For many of us, winter in Michigan is known for the calm feeling that snow brings. If you’ve ever spent time in a forest during winter, you know how quiet it can feel. Just a few birds chirping and the trees creaking as they sway in the wind.
But there is much more happening in the snow than meets the eye. In addition to mammals whose footprints you may see bounding through the snow—like rabbits, mice, and squirrels—there are also several much smaller species that you may be surprised to learn, thrive in winter as well.
No, not the kind that will happily hitch a ride and live on your pets. Snow fleas are actually more closely related to crustaceans but, according to the Farmer’s Almanac, are so-called because of the visual similarity and ability to jump long distances respective to their size much like fleas.
Snow fleas—or “springtails” if you prefer—are an essential part of their ecosystem, helping to create healthy topsoil as they feed on decaying organic matter like leaves. Though snow fleas are active throughout the year, they are much easier to spot in winter as tiny bluish-black dots starkly contrasted against the white snow, especially on warmer days as the snow begins to melt.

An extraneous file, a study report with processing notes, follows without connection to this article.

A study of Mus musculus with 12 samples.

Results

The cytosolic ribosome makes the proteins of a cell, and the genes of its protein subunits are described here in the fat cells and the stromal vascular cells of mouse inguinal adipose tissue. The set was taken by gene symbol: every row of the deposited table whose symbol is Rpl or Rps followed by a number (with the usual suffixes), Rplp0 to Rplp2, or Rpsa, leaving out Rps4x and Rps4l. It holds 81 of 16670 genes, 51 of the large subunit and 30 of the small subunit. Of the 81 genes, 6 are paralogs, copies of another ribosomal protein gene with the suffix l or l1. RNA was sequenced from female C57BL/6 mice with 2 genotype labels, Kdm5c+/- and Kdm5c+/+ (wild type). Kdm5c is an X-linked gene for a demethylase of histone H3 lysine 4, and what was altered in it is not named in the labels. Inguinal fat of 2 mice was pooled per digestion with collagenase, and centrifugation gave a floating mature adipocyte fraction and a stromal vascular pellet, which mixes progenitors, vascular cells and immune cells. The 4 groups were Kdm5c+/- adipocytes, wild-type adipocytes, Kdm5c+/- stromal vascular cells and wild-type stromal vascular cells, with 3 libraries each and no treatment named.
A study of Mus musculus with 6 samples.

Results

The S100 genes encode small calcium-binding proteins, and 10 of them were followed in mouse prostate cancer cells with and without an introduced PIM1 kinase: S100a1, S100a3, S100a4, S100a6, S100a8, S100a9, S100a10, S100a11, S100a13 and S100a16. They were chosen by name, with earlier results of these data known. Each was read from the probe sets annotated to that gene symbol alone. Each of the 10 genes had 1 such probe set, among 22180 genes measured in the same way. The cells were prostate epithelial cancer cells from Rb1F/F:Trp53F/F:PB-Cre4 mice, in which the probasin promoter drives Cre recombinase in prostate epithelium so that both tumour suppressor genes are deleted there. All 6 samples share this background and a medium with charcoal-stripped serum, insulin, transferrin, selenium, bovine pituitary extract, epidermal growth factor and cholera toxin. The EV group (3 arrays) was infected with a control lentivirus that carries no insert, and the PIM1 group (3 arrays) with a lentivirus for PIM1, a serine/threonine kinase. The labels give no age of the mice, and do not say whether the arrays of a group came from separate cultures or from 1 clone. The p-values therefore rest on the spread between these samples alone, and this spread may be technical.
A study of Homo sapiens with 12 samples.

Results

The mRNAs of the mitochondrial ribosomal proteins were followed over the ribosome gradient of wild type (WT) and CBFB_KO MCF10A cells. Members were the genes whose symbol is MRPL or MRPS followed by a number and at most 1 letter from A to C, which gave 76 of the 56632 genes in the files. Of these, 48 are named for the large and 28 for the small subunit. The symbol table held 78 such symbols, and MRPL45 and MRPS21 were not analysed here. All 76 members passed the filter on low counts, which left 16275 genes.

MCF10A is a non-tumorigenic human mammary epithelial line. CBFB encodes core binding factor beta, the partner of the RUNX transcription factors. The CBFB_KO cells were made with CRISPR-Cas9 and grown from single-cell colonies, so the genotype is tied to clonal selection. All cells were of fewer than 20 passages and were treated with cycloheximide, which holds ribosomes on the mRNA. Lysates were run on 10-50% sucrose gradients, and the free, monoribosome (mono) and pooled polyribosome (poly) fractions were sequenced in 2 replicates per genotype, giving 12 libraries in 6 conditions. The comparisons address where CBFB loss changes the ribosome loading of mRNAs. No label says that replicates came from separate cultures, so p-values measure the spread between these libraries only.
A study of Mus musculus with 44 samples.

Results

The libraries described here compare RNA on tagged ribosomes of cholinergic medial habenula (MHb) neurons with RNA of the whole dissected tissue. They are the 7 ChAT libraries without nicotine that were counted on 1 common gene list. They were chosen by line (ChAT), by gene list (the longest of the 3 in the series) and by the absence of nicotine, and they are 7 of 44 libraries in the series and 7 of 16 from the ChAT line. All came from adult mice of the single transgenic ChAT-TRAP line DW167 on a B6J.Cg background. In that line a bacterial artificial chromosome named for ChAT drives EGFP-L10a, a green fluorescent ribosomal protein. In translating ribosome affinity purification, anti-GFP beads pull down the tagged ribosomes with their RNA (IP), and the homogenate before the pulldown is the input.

If you love the cooler months for the lack of blood-sucking insects, you may be disappointed to learn that there is a special species of mosquito active in the winter months. But unlike the mosquitoes we typically see in the summer that feed on humans and animals, the males of the winter species get their sustenance from juices extracted from plants. Their eggs are then laid in pools of melting snow, and the larvae feed on algae as they mature.
The larvae of stoneflies live deep in the cool water of rivers and streams, where oxygen is abundant. In the winter months when most other aquatic insects are absent and the surfaces of these bodies of water cool the stonefly is able to reach maturity, mating and laying their eggs over the course of approximately two weeks. As spring turns to summer and the surface water warms again, the hatched ‘nymphs’ enter a hibernation period which keeps them safe from predation so that they can mature when winter returns.
Nature in Michigan is full of life in all seasons. So although it may get quiet and harder to see when the snow falls, there is still much to be seen if you look closely enough. So leave the bug repellents at home and head out to an MNA Nature Sanctuary near you to explore all that Michigan nature has to offer this winter!